This granite memorial stands on the eastern slopes of Table Mountain, at a spot where the mining magnate and former prime minister, Cecil Rhodes, used to admire the view. There are 49 steps, one for each year of Rhodes’ life, flanked by pairs of bronze lions. The top provides sweeping vistas to the Cape Flats and the mountain ranges beyond.
On the 19th November 1992, the Cape Times reported the appearance of soapbox oratory at Rhodes Memorial. Headline: Bronze lion ‘soap-box’ . The article read:
‘Cape Town’s own Speakers’ Corner, modelled on the original in London’s Hyde Park, got off to a small but noisy start at Rhodes Memorial yesterday morning. The setting was no less picturesque than that of the original, but yesterday’s “soap-box” (one of the bronze lions) made a grander platform.
‘Dr Clive McDowell, a consultant ecologist at the Institute for Plant Conservation, braved hecklers to tell a rowdy crowd of about 10 people that more should be done for the Western Cape Fynbos.’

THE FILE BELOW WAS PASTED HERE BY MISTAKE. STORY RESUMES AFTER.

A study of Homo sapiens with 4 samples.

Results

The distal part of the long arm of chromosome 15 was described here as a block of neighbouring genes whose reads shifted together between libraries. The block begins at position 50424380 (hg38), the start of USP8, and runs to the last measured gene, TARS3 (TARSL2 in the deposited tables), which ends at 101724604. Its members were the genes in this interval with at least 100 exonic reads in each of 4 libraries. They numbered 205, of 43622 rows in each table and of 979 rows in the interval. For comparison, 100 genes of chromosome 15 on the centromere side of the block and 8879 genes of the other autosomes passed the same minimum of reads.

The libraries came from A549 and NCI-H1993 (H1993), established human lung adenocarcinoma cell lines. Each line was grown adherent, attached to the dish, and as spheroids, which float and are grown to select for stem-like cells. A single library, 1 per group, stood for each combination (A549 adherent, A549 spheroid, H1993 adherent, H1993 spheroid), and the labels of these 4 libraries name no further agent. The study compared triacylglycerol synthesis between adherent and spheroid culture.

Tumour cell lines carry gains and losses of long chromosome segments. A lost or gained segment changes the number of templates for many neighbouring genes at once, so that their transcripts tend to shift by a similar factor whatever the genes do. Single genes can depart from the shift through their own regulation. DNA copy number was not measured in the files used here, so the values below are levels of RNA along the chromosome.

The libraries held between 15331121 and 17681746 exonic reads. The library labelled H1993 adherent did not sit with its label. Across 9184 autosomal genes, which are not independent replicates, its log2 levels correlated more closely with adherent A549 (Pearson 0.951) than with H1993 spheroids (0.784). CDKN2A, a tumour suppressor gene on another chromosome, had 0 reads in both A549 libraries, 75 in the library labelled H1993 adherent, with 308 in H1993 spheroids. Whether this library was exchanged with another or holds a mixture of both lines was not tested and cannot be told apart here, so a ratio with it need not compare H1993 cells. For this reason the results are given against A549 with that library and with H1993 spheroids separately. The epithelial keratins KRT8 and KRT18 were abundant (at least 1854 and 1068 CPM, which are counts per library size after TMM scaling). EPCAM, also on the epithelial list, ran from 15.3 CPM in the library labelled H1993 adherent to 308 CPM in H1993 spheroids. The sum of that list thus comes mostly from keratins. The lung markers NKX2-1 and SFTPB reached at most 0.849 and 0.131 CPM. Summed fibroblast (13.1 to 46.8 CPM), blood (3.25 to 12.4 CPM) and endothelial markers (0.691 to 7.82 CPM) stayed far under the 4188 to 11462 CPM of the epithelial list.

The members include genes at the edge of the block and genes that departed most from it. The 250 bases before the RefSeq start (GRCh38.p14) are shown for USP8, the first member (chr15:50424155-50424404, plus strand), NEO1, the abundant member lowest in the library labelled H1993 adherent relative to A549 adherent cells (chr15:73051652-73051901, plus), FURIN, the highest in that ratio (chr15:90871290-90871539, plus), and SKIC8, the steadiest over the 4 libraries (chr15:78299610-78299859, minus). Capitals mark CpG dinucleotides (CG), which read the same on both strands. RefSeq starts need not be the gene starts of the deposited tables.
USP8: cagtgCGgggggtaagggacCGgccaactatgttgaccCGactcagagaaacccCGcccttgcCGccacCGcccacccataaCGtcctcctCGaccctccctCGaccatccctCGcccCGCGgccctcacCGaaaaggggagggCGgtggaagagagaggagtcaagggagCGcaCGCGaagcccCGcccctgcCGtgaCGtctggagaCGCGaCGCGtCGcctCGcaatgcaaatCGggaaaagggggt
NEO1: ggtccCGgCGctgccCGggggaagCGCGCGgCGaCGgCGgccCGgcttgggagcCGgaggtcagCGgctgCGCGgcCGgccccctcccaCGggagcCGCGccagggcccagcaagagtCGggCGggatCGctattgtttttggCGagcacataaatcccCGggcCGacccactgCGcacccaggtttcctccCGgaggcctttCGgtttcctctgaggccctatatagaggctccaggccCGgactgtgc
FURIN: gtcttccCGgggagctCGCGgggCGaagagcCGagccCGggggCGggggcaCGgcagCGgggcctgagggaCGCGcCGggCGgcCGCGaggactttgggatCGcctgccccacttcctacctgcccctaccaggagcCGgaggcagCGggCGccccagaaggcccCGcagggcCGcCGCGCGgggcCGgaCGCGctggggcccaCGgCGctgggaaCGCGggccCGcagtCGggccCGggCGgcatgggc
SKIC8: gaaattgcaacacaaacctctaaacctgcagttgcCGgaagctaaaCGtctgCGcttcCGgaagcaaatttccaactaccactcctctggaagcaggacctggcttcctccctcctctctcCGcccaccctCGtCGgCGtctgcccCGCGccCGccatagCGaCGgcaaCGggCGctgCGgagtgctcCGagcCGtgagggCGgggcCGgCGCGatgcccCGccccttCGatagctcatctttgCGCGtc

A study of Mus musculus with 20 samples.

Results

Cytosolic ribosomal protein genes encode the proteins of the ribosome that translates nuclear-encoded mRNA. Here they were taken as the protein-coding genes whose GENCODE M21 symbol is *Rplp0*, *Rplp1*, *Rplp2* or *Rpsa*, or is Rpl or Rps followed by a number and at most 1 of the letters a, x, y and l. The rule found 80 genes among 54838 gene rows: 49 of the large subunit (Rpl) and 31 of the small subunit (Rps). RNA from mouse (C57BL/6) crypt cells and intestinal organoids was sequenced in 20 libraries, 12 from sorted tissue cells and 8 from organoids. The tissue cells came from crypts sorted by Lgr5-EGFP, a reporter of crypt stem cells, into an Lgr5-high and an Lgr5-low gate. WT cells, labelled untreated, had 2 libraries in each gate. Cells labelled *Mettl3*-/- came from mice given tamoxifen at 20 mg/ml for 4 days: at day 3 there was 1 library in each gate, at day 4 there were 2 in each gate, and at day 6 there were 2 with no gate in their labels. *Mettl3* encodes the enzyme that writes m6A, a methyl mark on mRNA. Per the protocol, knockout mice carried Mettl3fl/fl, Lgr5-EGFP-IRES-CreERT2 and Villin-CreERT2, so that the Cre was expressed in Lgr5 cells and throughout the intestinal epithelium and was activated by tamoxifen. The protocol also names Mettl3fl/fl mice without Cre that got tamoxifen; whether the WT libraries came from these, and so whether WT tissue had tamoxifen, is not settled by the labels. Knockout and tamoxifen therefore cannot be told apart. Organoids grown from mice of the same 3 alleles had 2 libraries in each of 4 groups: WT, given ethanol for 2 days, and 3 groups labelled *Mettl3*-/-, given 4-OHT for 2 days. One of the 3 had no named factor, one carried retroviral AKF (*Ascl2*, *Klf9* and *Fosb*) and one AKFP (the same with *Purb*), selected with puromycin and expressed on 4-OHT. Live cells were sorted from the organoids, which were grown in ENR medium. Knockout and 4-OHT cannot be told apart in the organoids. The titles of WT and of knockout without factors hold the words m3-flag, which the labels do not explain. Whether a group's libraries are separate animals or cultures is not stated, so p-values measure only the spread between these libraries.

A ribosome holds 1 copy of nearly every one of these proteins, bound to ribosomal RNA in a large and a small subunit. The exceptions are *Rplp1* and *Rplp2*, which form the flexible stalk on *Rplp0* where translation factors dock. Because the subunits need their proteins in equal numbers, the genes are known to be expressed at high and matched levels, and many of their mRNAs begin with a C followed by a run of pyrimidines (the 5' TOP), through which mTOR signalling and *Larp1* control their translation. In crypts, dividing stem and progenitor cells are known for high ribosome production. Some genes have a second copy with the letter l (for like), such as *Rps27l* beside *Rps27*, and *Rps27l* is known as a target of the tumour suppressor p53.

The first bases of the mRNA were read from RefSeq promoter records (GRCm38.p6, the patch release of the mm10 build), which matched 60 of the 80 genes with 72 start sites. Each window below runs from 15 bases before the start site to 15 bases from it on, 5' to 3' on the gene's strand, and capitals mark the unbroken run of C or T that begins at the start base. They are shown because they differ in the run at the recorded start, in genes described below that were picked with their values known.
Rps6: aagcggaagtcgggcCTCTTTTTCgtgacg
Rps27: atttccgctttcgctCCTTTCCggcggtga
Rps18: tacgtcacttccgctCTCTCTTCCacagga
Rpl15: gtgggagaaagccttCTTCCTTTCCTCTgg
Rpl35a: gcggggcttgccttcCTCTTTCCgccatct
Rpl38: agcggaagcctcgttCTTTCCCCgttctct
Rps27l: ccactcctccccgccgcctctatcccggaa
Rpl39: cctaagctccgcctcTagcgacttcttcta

McDowell described the Fynbos as “one of the world’s six floral kingdoms” and “a genetic botanic goldmine” with more than 8,000 species. Dr McDowell said the Fynbos was threatened by invasive vegetation. He cited Port Jackson willow, stone pine, Himalayan cedar and California redwood (“one of the main threats”) as being among the invaders that needed to be controlled.
The relevance of the setting did not escape Dr McDowell. “Rhodes was the father of all invasive plant species introductions to the Cape.” He added, “Cecil Rhodes developed the pseudo-European landscape here.”
The Cape Times went on to explain that ‘Crazy Society’ chairman, Dr Arthur Parsons, whose group organised the event, said yesterday they planned to make Speakers’ Corner a regular event on the first Sunday of every month.
However, my research discovers that only a few meetings were held. That Speakers’ Corner was doomed, probably because of the long distance from the city.